02 April 2010

Great Weekend (2/3): iPAD's Arrival Tomorrow Means Tablet Technology Meets Comics

Every once in a while, all the awesome in the Universe seems to converge within a two day period.  We're not sure why it happens, but it has, it does, and if our experience with the power cosmic means anything, we're sure it'll happen again. Dabblers  might very well call these spectacular spectaculars Comic Convergences, but sometimes, even those words aren't enough. 

This weekend 02-04 April  promises to be the first of  2010's potentially Great Weekends, with 3 mega-events exploding nationwide: (1) San Francisco's own gigantic comic convergence, Wonder Con, begins it's three-day stay today in the Bay Area, while (2) Louis Leterrier's remade Clash of the Titans charged into theaters this morning - and in some places, even last night. Apple's game-changing iPad makes our (3) as it the game-changing tablet technology makes its public appearance just hours from now.

Yes, Apple confirmed Monday that their new iPad Wifi version (not the Wifi + 3G) will go on sale nationwide in all 221 Apple retail stores, as well as “most” Best Buy stores, beginning Saturday 03 April 2010 at 9am.  The company also said that their earliest iPad pre-orders have begun shipping as well, meaning at least a few lucky dabblers - along with  Stephen Colbert, who announced he received a free on during last night's episode of The Colbert Report - are probably shopping the App Store even now. 

Based on a 2007 survey, over 10 million or 30% of Americans own or will own an iPhone , and it's estimated that sales of the iPad should hit the 1 million mark within the next week.  Numbers like that mean, well, a lot of things - but in general, they translate very well as a technological tidal wave that, once it hits, will even give places like Des Moines, Iowa the metaphorical beach front property its always wanted. 

In other words, iPad's tablet technology will be a game changer. A plethora of other companies - among them  Lenovo, HP, Archos, Enso, Asus, and Fusion Garage - will be releasing their own media tablets this year, and cumulative orders are expected to hit 4 million by year's end.  By 2015, the world-wide number is forecasted to be 57 million annually.
To both usher in and ease the inevitable process, Apple's  posted several  iPad tutorials and guided video tours to their website, focusing on their new device's core features, such as Safari, Mail, iBooks, and the iWork suite. Of more interest to dabblers may be the tutorial for Apple's new iBookstore, which will first require a user to download an App before iPad can go cyber-shopping.  To begin your new iPad education, go HERE.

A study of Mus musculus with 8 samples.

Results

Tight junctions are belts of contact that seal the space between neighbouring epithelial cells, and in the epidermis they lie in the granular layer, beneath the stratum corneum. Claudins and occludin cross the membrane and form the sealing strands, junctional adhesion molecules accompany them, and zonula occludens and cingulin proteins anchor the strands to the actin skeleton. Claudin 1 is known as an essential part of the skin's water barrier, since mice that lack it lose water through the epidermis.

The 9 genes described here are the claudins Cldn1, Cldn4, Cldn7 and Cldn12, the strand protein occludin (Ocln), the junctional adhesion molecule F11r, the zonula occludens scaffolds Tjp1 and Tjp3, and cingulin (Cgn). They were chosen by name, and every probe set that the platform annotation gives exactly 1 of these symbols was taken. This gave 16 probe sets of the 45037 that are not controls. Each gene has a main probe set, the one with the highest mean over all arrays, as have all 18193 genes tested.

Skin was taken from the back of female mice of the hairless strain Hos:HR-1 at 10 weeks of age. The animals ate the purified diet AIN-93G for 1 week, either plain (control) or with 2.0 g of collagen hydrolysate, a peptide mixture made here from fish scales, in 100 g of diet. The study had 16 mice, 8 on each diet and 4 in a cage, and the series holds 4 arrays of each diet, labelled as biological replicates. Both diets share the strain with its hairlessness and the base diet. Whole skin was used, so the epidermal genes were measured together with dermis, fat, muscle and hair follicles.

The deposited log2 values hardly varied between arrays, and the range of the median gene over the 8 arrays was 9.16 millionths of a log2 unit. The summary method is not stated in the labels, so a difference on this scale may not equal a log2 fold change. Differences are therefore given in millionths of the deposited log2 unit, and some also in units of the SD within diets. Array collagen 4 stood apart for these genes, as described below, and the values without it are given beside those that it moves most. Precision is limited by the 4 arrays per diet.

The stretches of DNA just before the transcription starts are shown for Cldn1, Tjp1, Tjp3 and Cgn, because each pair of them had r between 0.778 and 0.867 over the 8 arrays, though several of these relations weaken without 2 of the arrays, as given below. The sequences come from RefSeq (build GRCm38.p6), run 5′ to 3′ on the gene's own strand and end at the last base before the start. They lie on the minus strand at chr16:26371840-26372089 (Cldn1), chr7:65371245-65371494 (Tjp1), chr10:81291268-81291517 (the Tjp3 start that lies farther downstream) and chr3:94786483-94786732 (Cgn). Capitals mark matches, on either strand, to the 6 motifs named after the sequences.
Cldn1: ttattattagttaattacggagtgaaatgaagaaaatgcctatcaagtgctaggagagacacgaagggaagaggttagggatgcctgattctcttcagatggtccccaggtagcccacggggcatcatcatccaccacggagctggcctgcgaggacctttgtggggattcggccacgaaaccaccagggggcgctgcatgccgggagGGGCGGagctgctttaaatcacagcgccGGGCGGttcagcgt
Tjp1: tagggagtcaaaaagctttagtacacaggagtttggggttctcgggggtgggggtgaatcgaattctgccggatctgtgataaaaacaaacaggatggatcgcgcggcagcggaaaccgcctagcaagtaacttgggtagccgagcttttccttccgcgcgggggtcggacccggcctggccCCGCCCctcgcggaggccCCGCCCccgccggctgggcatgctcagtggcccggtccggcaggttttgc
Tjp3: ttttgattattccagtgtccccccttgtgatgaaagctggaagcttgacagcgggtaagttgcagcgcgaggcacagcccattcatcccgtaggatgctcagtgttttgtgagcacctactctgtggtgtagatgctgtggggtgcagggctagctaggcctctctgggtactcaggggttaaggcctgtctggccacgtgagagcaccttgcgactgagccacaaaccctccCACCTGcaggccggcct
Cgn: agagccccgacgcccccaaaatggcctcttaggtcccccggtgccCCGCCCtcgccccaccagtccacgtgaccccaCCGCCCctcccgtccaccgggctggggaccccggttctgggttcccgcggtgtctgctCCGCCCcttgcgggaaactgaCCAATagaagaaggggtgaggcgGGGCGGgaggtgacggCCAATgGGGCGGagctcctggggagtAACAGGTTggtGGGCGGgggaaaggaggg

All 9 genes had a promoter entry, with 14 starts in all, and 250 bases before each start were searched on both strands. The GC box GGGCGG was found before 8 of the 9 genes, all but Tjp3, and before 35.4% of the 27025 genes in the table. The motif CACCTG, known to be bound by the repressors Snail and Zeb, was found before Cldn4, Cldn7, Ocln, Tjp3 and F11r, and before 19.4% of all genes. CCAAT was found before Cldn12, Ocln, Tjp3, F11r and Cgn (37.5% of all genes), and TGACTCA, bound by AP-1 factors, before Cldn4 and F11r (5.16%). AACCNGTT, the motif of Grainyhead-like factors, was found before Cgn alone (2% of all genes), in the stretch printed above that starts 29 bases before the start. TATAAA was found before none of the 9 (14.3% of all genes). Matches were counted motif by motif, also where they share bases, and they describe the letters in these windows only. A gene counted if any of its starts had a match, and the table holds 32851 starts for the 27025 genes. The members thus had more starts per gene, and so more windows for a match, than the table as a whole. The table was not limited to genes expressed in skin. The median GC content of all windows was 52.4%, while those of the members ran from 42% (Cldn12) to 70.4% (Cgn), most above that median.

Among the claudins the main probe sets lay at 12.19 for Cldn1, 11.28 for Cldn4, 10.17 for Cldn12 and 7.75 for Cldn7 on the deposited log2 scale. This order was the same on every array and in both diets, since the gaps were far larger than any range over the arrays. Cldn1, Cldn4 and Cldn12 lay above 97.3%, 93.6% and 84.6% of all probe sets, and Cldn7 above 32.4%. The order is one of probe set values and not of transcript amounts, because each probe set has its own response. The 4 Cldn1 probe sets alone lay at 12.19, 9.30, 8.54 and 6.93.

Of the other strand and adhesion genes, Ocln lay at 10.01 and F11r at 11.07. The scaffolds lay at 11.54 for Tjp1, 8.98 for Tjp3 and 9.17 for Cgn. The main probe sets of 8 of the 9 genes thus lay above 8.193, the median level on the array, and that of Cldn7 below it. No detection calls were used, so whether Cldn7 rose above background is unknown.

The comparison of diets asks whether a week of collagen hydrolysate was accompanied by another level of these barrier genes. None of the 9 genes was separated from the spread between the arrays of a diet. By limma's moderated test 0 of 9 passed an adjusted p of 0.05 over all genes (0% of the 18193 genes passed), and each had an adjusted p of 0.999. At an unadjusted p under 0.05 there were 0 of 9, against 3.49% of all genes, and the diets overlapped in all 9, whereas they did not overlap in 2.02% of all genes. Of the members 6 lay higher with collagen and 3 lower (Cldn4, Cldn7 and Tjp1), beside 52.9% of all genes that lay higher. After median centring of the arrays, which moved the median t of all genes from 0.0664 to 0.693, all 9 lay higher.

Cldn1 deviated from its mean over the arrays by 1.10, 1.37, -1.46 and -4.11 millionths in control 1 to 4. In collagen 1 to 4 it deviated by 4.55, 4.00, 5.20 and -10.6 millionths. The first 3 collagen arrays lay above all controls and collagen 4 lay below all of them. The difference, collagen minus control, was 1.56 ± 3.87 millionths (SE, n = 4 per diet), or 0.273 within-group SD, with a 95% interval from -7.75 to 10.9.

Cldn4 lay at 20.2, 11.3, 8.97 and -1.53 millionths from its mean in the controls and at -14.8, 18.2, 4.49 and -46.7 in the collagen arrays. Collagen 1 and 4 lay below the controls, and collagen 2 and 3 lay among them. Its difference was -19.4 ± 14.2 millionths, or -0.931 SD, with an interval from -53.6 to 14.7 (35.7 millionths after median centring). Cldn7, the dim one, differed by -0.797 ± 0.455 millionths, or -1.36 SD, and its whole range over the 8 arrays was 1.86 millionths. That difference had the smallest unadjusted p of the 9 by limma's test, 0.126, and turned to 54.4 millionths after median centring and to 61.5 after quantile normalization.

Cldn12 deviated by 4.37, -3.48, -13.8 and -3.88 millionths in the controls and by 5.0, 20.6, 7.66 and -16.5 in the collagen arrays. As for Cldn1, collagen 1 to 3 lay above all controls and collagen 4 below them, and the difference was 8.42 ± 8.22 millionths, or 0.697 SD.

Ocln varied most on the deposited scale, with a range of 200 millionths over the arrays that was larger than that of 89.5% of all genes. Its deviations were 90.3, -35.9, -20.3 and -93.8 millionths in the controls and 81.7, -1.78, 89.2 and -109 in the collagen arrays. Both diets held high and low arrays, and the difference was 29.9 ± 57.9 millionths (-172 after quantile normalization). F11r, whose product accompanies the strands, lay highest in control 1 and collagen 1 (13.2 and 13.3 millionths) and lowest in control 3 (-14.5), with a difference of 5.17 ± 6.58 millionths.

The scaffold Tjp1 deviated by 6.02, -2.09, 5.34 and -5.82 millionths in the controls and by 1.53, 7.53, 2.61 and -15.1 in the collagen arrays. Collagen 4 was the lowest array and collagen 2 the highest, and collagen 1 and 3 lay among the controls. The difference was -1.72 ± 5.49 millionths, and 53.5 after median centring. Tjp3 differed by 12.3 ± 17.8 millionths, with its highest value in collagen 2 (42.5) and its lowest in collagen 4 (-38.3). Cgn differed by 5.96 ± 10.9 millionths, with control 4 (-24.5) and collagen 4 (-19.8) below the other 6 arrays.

Reading iBooks on the iPad will be akin to using an e-Book reader,  but in a far better way than is currently offered by any e-reader currently on the market.  Apple’s iBookstore will designate about 20 main tier categories, including Fiction & Literature, Reference, and Cookbooks. Comic Books & Graphic Novels  will also rank among the Top 20 -- which we think is excellent and reassuring news. Manga will be delineated as a subcategory beneath the Comics tier, just one of over 150 total iBookstore subs available.  (And for our gamers on the blog, Apple reports their video game catalog will be just - if not even more - impressive.)

Apple's iPad capabilities are perfectly suited for comic books and graphic novels.  Online sites like ComiXology have become instrumental as the comics industry marches toward its own digital evolution; ComiXology itself boats an impressive, non-stop shop destination for the comics crowd, featuring not only weekly digital  comics and graphic novel content, but blogs, reviews, previews, forums, user ratings, and mobile applications for users on the go.   Expanding on the ComiXology model is Longbox Digital, a device and hardware independent platform for the secure distribution, sale and enjoyment of digital comics.  While Longbox is currently in private Beta test mode, public Beta testing is expected to come soon.

And that's an event that could be huge - especially in the months and years to come. Longbox has the potential to be the future of comics distribution, eliminating the monthly paper comic book format entirely. Longbox will function in a way very similar to iTunes, and like Apple's music store, plans to offer $.99 content.  With individual comics priced  anywhere from $2.99 to $4.99 or more, collecting has been prohibitive for many readers.  The potentials of Longbox suggest that may not be the case in the future. Still, that time won't arrive anytime soon. The new models of comics sales and distribution that the industry would need to adopt also predict the end of comics' current system - the independent direct market. With an entire industry structured around the direct market, the future will not be won easily.

Of course, that doesn't mean it won't be coming. Several comics publishers already offer digital content for iPhone via their individual apps,  and porting them to iPad and other media tablets will be a seamless process. Among the companies offering their comics digitally are: Image, Arcana, Archaia, Antarctic Press, Bluewater, Boom Studios, Devil's Due, Dynamite Entertainment,  Moonstone, Red 5, Robot Comics,  Slave Labor Graphics, Studio 407, Top Cow, and Viper. 

If anyone will have trouble adapting their comics to digital, its the Big Two, Marvel Comics and DC.  We'll take a closer look at both these companies digital designs in Part II of our Digital Comics review - coming this weekend!